Remembering the Streit’s Matzo Factory
April 26, 2016

The Streit's Matzo Factory on Rivington Street. Photo: Edmund Gillon

The Streit’s Matzo Factory on Rivington Street. Photo: Edmund Gillon

The spring of 2015 marked the end of an era on the Lower East Side. With much fanfare, the Streit’s Matzo Factory – a staple of the neighborhood since 1916 – permanently closed its doors. The company decided to move its manufacturing from the Lower East Side to a new plant in Rockland County. For many, the Streit’s Matzo Factory was a lasting vestige of a different time in Lower East Side history, representing a Jewish immigrant culture that has come and gone. In fact, the factory was called by several scholars, “the Jewish Plymouth Rock.”

The terrific new documentary, Streit’s: Matzo and the American Dream, which concludes its week-long run at the Film Forum tonight, tells the story of Streit’s and its significance to the Lower East Side. Directed by Michael Levine, it is a must-see for anyone interested in immigration, food, or New York history. If you aren’t able to see the film, you can check out the film’s website to get information on other screenings.

Before we go into specifics, let’s first explain – for those who are not familiar – what exactly matzo is. Matzo is an unleavened flatbread made from flour and water. The flour can be from whole or processed grains, but it must be either wheat, spelt, barley, rye, or oat. Matzo plays a significant role during the Passover festival when chametz (which is leaven and five grains that, according to Jewish Law, can be leavened) is forbidden. The tradition refers to the story of the exodus of the Jews from Egypt, when the departing families had to leave their homes before their bread had time to rise.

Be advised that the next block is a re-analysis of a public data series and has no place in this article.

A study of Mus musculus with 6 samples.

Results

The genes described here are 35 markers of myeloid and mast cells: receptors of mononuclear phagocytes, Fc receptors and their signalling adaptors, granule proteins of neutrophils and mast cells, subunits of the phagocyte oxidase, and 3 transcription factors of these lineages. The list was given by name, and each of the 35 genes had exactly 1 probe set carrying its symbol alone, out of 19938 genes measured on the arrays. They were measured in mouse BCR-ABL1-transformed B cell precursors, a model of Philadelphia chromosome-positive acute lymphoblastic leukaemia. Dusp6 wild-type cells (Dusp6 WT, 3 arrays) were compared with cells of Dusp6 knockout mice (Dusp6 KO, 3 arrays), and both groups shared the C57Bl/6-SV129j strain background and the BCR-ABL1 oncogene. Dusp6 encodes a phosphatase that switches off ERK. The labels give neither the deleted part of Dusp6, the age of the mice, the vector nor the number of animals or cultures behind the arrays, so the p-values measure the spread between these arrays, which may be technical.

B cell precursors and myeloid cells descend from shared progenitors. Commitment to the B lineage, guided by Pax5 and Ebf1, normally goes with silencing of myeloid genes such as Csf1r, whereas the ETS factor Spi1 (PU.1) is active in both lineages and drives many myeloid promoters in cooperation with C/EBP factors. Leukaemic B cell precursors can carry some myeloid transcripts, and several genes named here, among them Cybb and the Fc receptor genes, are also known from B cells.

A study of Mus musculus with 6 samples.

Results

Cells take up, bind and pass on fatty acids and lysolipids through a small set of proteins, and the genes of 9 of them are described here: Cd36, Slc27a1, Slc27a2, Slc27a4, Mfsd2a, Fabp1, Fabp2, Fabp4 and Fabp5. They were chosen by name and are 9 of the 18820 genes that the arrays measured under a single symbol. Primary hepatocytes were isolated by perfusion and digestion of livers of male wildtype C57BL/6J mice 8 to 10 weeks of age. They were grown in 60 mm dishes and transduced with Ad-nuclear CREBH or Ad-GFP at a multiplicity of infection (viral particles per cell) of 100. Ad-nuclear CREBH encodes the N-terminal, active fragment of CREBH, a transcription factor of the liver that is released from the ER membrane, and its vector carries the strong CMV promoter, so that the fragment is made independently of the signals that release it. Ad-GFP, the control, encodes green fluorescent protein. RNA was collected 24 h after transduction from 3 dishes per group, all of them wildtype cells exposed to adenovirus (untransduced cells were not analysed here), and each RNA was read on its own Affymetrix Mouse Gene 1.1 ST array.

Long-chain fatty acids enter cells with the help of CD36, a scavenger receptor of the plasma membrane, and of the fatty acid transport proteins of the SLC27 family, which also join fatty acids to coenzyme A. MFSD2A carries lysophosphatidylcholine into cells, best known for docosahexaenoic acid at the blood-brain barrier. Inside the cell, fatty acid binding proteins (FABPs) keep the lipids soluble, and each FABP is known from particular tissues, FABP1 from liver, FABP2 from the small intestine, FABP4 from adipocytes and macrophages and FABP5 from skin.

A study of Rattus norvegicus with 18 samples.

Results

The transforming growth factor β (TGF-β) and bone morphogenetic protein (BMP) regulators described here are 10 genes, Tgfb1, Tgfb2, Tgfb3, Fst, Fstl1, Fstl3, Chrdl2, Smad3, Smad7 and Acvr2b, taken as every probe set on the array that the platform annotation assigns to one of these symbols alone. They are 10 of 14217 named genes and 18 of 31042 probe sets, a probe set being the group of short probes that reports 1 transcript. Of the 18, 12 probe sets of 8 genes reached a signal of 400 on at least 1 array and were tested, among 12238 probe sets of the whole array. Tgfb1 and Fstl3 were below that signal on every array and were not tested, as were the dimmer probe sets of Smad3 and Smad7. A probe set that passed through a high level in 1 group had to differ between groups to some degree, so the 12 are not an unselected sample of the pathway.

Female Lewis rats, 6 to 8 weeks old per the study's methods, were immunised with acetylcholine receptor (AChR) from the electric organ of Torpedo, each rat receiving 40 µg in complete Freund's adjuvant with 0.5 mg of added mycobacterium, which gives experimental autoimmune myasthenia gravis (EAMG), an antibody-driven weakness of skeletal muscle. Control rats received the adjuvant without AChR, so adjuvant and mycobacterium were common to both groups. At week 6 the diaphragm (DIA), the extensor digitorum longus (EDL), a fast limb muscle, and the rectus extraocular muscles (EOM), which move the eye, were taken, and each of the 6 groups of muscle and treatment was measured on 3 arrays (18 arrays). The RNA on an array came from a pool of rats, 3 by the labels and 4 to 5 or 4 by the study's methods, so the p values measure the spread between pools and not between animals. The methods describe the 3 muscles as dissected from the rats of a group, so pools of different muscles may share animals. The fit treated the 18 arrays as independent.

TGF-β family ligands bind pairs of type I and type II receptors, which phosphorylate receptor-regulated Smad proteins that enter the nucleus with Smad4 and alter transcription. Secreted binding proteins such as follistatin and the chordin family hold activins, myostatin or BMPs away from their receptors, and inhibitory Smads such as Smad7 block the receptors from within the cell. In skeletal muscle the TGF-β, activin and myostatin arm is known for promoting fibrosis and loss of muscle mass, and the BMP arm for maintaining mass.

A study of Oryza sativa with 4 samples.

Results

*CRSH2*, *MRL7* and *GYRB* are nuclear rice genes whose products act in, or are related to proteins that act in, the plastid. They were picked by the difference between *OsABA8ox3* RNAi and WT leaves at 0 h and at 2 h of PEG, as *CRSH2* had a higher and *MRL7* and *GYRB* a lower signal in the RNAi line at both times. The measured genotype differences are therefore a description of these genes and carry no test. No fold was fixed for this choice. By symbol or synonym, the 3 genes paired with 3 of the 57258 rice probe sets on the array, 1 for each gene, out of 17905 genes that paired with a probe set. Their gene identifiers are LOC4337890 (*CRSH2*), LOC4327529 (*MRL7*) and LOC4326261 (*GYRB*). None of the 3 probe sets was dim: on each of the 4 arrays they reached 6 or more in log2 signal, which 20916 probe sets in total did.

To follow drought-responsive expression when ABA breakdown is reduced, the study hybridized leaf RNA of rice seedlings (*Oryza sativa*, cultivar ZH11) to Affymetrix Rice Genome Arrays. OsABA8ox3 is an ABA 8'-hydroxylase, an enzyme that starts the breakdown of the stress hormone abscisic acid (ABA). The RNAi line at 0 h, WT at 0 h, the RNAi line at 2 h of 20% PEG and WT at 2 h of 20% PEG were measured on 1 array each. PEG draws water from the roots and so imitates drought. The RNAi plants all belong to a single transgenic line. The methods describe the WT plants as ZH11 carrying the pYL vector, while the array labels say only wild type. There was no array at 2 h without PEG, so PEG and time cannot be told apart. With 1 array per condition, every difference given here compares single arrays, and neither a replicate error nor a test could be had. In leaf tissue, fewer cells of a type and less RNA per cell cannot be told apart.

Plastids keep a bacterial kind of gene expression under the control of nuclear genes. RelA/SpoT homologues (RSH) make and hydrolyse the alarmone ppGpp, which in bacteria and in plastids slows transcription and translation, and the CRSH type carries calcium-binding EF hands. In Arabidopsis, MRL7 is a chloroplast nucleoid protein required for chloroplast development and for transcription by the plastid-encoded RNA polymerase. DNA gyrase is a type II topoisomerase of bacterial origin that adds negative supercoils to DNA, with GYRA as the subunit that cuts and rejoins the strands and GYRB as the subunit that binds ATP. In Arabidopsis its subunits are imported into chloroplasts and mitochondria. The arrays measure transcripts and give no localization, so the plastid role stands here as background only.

Aron Streit, the founder of Streit’s, was in the matzo business most of his life. Aron and his wife, Nettie, arrived in the United States from Austria in the 1890’s. Like many Jewish immigrants, Aron and Nettie maintained the Old World traditions in their new homeland, hosting Friday night Shabbos dinners. Another tradition Aron brought with him was his knowledge and ability to make matzo.

Aron founded his first matzo company with a business associate, Rabbi Weinberger, in 1916. The location of Aron’s first matzo company was actually on Pitt Street in the Lower East Side. In the Pitt Street location, Aron and Rabbi Weinberger made each piece of matzo by hand. By 1925, there was a massive Jewish population in the Lower East Side (they made up about 60% of the neighborhood) and the demand for matzo was increasing. So much so, that Aron opened a new matzo factory with one of his sons a few blocks away on Rivington Street. His second son would soon after join the family business, and the company prospered. They would remain in the Rivington Street space until 2015.

The factory was 47,000 square feet. It usually produced about 16,000 pounds of matzo each day. By the time the factory closed, it had two 75-foot ovens which baked 900 pounds of matzo per hour. The factory did adhere to strict kosher laws, allowing only Shomer Shabbat Jews to touch the matzo dough before being baked. The whole matzo baking process was under the supervision of a Rabbi, who would time the baking process to ensure that it did not exceed eighteen minutes. If it did go beyond the eighteen minutes, the matzo was discarded.

Aron Streit died in 1937, but his family continues to operate the business. Streit’s is the only family-owned and operated matzo company in the United States. The company also sold more than just matzo; they also had noodles, soup mixes, potato products, and cake mixes, among others. Today, Aron’s granddaughters and great-grandsons now run the company.

With the rich history of Streit’s Matzo Factory and all that it represented, it is easy to understand why there was a lot of publicity when the family decided to close the Rivington Street location last year. Today, not much remains in the Lower East Side of the time when it was a predominately Jewish neighborhood (though restaurants like Katz’s Deli and Russ & Daughters have managed to stay alive and well). The Streit’s Matzo Factory reminded many people – and may have given them a brief glimpse – of what life was once like here in the Lower East Side.